To make color separations, the three additive colors (red, green, and blue) are translated into their subtractive counterparts (cyan, magenta, and yellow). In theory, equal parts of cyan, magenta, and yellow combine to subtract all light reflected from the paper and create black. Due to impurities present in all printing inks, however, a mix of these colors instead yields a muddy brown. To compensate for this deficiency in the color separation process, printers remove some cyan, magenta, and yellow in areas where the three colors exist in equal amounts, and they add black ink.
A given color can be translated from RGB mode to CMYK mode in an endless number of ways. But prepress operators typically use one of the following ways to generate black in print:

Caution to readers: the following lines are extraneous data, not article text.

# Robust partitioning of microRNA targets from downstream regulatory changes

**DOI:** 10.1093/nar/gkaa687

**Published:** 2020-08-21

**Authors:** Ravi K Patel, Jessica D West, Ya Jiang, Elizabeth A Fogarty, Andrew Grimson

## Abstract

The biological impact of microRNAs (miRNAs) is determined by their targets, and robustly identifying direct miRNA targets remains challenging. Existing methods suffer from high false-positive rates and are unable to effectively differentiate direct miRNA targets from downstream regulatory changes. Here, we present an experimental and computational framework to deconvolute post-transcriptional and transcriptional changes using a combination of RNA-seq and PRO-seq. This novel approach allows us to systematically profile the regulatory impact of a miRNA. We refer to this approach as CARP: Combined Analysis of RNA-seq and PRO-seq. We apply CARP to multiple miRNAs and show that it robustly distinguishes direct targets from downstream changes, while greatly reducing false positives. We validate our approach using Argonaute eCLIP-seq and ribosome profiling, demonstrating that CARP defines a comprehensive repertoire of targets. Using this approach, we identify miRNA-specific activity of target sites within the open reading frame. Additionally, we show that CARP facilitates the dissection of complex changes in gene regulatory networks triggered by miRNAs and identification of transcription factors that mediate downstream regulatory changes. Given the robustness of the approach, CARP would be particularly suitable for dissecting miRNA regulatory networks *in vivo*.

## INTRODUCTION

• In undercolor removal (UCR), black ink is used to replace cyan, magenta, and yellow ink in neutral areas only (that is, areas with equal amounts of cyan, magenta, and yellow). This results in less ink and greater depth in shadows. Because it uses less ink, UCR is used for newsprint and uncoated stock, which generally have greater dot gain than coated stock.
• In gray component replacement (GCR), black ink is used to replace portions of cyan, magenta, and yellow ink in colored areas as well as in neutral areas. GCR separations tend to reproduce dark, saturated colors somewhat better than UCR separations do and maintain gray balance better on press.
Choose the type of separation based on your paper stock and the requirements of your print shop.